Tech has become another way for men to oppress women

We act as if technology were neutral but it’s not. The challenge now is to highlight and remove the gender bias

Most women in the Bay Area are soft and weak, cosseted and naive, despite their claims of worldliness, and generally full of shit,” wrote former Facebook product manager Antonio García Martínez in 2016. “They have their self-regarding entitlement feminism, and ceaselessly vaunt their independence. But the reality is, come the epidemic plague or foreign invasion, they’d become precisely the sort of useless baggage you’d trade for a box of shotgun shells or a jerry can of diesel.” This is from his insider account of Silicon Valley, Chaos Monkeys. The book was a bestseller. The New York Times called it“an irresistible and indispensable 360-degree guide to the new technology establishment”. Anyone who is surprised by the recent revelations of sexism spreading like wildfire through the technology industry has not been paying attention.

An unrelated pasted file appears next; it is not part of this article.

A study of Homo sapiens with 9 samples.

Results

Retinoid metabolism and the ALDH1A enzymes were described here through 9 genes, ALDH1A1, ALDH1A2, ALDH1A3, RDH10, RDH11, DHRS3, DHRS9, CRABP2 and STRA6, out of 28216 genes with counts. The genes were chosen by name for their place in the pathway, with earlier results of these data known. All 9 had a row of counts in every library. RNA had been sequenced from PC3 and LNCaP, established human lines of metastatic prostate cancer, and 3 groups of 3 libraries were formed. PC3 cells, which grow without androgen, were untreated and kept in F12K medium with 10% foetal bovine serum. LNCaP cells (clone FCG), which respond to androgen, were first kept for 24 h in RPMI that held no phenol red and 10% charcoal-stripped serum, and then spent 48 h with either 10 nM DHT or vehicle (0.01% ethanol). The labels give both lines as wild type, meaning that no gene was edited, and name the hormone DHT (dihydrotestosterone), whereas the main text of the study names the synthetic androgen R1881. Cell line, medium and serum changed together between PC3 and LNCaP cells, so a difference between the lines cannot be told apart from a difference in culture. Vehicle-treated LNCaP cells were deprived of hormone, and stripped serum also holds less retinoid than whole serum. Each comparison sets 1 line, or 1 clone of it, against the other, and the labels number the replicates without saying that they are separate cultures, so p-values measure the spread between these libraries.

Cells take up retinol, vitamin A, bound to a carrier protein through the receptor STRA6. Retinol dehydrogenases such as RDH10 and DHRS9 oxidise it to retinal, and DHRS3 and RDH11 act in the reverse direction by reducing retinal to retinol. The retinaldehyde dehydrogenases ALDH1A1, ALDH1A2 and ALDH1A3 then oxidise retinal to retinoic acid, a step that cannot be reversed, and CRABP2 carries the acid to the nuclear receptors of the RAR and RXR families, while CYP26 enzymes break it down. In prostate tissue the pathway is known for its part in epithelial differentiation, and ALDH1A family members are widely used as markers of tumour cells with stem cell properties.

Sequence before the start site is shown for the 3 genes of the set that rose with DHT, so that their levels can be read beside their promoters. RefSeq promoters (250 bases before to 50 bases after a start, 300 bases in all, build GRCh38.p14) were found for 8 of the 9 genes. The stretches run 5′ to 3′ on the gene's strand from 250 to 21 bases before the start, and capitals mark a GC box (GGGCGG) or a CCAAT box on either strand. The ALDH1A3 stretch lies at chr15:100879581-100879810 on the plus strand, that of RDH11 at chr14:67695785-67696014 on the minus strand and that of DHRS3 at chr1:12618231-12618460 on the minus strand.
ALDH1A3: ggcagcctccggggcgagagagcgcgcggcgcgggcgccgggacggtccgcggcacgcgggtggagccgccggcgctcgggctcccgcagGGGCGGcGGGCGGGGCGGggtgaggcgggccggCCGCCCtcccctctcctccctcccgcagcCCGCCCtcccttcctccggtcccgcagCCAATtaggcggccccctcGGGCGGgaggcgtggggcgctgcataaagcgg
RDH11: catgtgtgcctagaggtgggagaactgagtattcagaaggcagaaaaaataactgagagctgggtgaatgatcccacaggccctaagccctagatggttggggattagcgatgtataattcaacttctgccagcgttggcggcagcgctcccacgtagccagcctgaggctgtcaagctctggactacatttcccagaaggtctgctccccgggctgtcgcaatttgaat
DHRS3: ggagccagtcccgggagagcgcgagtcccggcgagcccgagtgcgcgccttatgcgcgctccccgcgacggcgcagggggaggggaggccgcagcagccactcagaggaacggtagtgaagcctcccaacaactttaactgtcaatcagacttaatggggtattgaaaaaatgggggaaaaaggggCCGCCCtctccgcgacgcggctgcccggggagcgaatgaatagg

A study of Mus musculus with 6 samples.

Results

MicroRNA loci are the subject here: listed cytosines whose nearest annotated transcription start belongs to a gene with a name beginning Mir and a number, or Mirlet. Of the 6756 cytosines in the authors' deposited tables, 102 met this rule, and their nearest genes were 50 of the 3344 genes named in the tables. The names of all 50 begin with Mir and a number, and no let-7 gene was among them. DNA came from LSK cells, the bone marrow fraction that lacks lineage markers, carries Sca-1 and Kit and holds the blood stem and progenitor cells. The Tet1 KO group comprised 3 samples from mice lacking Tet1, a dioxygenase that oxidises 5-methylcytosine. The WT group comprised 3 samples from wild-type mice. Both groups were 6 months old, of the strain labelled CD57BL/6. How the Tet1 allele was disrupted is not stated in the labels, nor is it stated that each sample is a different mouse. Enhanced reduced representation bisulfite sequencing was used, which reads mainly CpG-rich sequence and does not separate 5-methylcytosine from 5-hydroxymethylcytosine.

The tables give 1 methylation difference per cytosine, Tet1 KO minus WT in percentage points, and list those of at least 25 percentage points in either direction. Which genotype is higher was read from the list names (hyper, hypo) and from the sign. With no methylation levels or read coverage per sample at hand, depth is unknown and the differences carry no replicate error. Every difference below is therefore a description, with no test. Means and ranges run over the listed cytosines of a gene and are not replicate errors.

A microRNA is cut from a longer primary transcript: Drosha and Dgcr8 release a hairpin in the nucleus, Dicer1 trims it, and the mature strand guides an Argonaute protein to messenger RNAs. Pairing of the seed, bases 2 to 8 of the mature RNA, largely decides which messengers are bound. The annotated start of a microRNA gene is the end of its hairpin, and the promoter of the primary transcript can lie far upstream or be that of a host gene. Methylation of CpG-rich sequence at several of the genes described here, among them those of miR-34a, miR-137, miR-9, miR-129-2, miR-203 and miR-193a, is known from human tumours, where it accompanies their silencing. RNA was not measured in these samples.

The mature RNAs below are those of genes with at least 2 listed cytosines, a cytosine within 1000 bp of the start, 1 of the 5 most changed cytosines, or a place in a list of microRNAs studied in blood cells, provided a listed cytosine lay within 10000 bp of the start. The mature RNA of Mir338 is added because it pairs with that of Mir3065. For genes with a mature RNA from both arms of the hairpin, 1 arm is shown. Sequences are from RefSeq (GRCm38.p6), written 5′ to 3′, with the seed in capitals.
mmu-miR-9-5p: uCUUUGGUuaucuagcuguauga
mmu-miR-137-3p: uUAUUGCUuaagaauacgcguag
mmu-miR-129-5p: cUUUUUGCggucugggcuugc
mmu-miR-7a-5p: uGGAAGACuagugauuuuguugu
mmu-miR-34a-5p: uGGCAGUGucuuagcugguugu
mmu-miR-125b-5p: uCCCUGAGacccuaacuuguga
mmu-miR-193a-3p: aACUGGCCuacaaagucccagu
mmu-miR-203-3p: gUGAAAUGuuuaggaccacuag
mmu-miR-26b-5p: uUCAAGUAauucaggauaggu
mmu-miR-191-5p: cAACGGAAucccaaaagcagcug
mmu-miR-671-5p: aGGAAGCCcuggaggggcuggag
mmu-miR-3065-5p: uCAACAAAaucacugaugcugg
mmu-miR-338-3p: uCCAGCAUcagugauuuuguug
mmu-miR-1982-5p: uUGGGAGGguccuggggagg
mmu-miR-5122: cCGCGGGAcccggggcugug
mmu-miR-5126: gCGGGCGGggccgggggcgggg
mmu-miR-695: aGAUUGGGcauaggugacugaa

When Susan Fowler wrote about her experience of being sexually harassed at Uber, it prompted a chain of events that seemed unimaginable months ago, including an investigation led by former attorney general Eric Holder, and the departure of a number of key members of the company’s leadership team. Venture capitalist Justin Caldbeck faced allegations of harassing behaviour, and when he offered an unimpressive denial, companies funded by his firm banded together to condemn his tepidity. He subsequently resigned, and the future of his former firm is unclear. Since then, dozens of women have come forward to reveal the sexist culture in numerous Silicon Valley technology and venture capital firms. It is increasingly clear from these accounts that the problem for women in the tech industry is not a failure to “lean in”, it is a culture of harassment and discrimination that makes many of their workplaces unsafe and unpleasant.